To clear up vocabulary; Linux handled MP in 1.3; but to call it symmetric is a stretch. It was one processor for the kernel, and severeal in userland. There were also issues with drivers needing to stay on the same cpu. This is where SunOS 4.1 ended, and OpenBSD is today. It is a perfectly reasonable setup for a 2, perhaps 3 CPU system.
Here in alt.folklore.computers, Just a word from the peanut gallery, but that's our working definition of "re-entrant" in the Unisys transaction (TIP-HVTIP) world. A shared copy of either an instruction bank (IBANK...
These issues gradually resolved, and a minimal SMP system was possible by late 1.x. 2.0 and 2.2 didn't affect this much, except for streamlining some critical code. This worked sort of acceptably well up to 3-4 cpus.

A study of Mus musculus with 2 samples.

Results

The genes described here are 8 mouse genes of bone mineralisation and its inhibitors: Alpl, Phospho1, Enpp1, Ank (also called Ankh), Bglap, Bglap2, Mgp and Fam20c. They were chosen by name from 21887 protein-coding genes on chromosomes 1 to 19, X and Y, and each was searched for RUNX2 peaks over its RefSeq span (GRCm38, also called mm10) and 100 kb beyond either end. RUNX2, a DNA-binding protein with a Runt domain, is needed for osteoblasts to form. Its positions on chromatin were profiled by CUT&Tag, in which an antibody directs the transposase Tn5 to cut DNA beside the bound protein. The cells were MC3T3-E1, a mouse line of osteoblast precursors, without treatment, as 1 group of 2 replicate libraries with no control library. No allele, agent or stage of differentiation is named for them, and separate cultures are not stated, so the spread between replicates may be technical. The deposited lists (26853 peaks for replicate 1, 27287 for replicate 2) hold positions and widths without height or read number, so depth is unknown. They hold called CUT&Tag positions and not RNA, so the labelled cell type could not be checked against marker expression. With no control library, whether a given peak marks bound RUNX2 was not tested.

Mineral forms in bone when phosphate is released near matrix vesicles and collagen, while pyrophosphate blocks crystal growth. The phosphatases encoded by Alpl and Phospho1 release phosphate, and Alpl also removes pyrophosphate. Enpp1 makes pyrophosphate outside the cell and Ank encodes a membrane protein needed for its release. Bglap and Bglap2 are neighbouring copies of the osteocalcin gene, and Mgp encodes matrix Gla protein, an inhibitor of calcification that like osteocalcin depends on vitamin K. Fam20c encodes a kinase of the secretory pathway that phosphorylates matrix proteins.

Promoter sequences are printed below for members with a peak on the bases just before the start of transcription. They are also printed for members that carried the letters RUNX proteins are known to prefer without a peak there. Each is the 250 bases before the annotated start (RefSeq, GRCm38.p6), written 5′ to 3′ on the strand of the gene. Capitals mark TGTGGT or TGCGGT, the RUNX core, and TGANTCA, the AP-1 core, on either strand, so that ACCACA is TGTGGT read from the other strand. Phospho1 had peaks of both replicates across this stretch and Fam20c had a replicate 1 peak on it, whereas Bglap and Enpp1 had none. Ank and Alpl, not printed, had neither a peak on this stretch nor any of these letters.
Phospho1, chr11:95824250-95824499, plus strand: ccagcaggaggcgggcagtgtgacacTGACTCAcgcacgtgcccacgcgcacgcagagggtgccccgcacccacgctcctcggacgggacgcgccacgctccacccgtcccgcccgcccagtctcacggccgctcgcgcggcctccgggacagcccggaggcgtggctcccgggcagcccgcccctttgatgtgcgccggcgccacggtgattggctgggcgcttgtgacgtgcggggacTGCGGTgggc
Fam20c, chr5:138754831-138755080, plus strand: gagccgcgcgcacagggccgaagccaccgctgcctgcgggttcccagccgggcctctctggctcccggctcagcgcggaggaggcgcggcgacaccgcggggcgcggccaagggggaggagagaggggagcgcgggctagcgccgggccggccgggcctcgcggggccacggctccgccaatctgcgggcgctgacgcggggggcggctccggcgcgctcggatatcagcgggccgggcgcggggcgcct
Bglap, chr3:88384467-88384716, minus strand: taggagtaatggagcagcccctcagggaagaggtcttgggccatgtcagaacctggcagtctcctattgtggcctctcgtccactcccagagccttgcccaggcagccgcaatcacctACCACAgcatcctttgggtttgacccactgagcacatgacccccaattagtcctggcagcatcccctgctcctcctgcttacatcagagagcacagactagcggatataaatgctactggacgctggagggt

In 2.4 the "great spinlock" was loosened, and important sections were made thread-safe, like an 80-20 rule. This made it scale to 10 or more CPUs; and it did 4 CPUs well. This was as far as NT ever made it, or Tops10 for that matter.
In 2.6 the kernel has been completely overhauled for unnecessary locking and reentrancy is introduced almost everywhere. Even the file metadata stuff is well addressed. It feels just as responsive with lots of cpus churning away at high load as it does with you alone on the box.
Ah, I missed that. Multi is definitely not symmetric unless the system can run with any one of the CPUs and all the others dead. IOW, each...
I have heard figures of 64 or 128 cpus mentioned. I don't think the OS is the bottleneck here anymore; the hardware issues are far more limiting. Thousands of cpus have been tested in emulation.